Prometheus was a movie that got everyone talking. It gave us some new insight and changed the way we looked at the Alien Universe. Dark Horse recently announced a new PROMETHEUS title along with ALIEN, PREDATOR, and ALIENS VS. PREDATOR. This marks a move to really highlight the shared universe they all exist in.
Paul Tobin will be writing PROMETHEUS. We asked him some questions to see how much we could find out.
COMIC VINE: When did the idea come to do comics based on the shared universe of Prometheus, Aliens, Predator and AvP?
PAUL TOBIN: We writers were first approached by Dark Horse editorial. I think the idea was that these projects had lived in a combined world for so long in people’s minds, that bits and pieces of each franchise found their way into the other worlds… or exploded into other worlds, and so it was time to make it a bit more official and really take these elements and create a shared universe.
CV: PROMETHEUS is basically the foundation for this shared universe. How’s it feel to be the one to lay down the foundation?
PT: Feels good, honestly. I love world-building, and the nature of the project has been so intense that editor Scott Allie decided it would be best to work with Portland writers overall, so he brought in my friend Chris Roberson for Aliens, and my friend Josh Williamson for Predator, and my friend Christopher Sebela for Aliens vs. Predator, and my friend Kelly Sue DeConnick for our Prometheus Omega closing issue. And, since they’re all my friends, and all local, it’s quite natural for us to all build this together. So, while I’m the one laying down the foundation, I’m working from a shared blueprint, so to speak. And editors Scott Allie and Daniel Chabon are a big part of it as well. It takes a talented crew to building a galaxy!
CV: Where will your series fit in with the movie and the eventual sequel?
PT: Events stretch over a few decades, so it’s hard to pin down a “when does it all happen” moment, but what we really wanted to do was pick a time period when it was possible to play with all the toys we wanted, named the xenomorphs, and the elements the Prometheus movie introduced. We think we found a prime spot for that… a temporal niche where all the various “toys” can really intersect. It’s fun to empty the whole toybox at once!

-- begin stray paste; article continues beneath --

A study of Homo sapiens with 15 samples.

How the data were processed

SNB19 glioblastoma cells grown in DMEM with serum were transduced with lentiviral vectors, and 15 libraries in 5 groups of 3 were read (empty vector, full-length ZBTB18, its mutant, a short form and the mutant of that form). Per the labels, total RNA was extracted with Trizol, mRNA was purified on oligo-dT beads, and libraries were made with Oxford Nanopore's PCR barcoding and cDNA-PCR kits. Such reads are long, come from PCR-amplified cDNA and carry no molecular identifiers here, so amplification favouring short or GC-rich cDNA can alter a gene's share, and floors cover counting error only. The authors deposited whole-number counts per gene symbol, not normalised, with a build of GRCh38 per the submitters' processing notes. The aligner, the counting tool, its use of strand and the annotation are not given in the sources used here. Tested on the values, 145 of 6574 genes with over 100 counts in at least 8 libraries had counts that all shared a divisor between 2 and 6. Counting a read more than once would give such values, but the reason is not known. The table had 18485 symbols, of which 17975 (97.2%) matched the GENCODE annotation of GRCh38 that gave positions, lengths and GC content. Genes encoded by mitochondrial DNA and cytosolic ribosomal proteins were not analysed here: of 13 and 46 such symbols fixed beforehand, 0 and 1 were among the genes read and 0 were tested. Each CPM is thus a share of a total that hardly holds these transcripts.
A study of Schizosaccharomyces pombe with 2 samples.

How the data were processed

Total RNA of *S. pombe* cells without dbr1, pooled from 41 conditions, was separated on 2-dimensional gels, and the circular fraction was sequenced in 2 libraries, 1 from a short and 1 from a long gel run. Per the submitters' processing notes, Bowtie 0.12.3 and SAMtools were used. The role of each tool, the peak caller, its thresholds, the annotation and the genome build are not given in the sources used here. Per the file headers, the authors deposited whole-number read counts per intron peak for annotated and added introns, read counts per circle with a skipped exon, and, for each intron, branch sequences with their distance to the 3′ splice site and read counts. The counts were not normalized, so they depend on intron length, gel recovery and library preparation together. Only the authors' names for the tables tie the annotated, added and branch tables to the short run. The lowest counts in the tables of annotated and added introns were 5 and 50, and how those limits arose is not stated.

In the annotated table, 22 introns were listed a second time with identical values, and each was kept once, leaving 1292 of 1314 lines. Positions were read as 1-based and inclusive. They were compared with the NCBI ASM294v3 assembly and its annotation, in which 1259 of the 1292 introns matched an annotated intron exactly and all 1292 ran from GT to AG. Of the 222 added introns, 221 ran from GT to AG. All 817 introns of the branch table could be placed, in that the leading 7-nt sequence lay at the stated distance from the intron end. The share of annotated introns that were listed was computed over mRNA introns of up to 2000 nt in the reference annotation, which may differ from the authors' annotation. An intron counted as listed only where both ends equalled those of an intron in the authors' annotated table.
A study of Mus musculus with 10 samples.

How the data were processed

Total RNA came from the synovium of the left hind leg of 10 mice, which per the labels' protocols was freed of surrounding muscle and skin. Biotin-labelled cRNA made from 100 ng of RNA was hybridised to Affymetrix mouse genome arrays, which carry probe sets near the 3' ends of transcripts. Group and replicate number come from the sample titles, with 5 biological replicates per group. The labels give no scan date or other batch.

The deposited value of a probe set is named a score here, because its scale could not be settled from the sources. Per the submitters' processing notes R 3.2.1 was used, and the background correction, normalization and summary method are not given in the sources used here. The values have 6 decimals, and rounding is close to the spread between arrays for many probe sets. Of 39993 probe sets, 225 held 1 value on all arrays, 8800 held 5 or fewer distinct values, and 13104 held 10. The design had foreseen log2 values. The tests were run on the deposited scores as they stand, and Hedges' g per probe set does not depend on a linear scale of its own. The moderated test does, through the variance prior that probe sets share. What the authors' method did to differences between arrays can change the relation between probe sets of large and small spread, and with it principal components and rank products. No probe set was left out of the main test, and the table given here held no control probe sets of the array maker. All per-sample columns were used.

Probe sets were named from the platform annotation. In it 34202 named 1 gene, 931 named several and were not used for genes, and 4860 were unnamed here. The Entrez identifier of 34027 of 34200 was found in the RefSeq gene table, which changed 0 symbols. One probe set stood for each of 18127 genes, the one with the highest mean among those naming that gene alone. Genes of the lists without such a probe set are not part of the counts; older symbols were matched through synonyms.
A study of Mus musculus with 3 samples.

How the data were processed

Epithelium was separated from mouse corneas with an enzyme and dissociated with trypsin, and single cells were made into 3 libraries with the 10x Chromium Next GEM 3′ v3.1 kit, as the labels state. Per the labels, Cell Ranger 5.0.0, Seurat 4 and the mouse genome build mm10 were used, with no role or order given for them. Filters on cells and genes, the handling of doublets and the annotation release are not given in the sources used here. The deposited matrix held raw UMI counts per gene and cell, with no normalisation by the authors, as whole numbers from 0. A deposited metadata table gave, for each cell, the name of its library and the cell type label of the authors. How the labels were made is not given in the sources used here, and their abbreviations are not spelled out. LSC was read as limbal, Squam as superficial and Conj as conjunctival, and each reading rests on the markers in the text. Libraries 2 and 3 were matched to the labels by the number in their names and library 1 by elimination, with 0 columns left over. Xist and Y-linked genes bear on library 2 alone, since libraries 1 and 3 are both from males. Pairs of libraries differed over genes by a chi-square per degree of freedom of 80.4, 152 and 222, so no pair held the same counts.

CV: Does the studio have a lot of input or approval over the scripts and plots?
PT: For input, it’s been a few choice notes of “please stress X” and “please stay away from Y.” Once we build our structures, we pass them along to make sure we’re not stepping on any toes, or taking things in wrong directions. After that, it’s the real building, and we pass those along to the studios as well. My artist for Prometheus is Juan Ferreyra (also the artist for our Eisner-nominated COLDER series from Dark Horse) and he and I first worked together on the FALLING SKIES comics. That was a LOT more intensive with studio involvement. This time, it’s more of a gentle nudge now and then.
CV: How will the other series (written by Roberson, Williamson, and Sebela) fit in together? Are they during separate time periods?
PT: Roberson’s Alien series (with artist Patric Reynolds) takes place a bit earlier than our other books, laying some groundwork for the events that explode out of my Prometheus title and establish some of the characters and situations. One thing we really wanted to do, though, was make sure that each of the series, while entwined, had strong storylines that could stand on their own. I think we’ve done that.
CV: Besides Aliens and Predators, will we see the Engineers? Will they interact with others?
PT: The Engineers are most definitely one of the “toys” I mentioned we wanted to play with. They have a pretty big impact!
CV: Will we get any hints or clues about any of the backstory of the Engineers?
PT: It’s something we discussed, and some of those discussions made their way into the scripts. Is that too enigmatic an answer? I’d say the nature of their society plays a role in a lot of our thinking.
CV: Parts of the movie were left open to interpretation. Will you take on any of these areas?
PT: Definitely. At the same time, we didn’t want our role to be that of simply “explaining” the movie, because then we would risk being a simple addendum. A DVD extra, if you will.
CV: How often will you and the others get together to discuss where everything stands with each other?
PT: We’ve had in the neighborhood of eight or nine “summit” meetings so far. That’s part of the benefit of all of us living in Portland, aka Comic City USA. And then since we’re all friends there have been quite a few informal meetings… meaning we talk about the project as a way of justifying writing our bar tabs off on our taxes.
PROMETHEUS: FIRE AND STONE is on sale September 10, 2014. Keep an eye out for the Dark Horse FREE COMIC BOOK DAY issue. Make sure you let your comic shop know you're interested in these comics.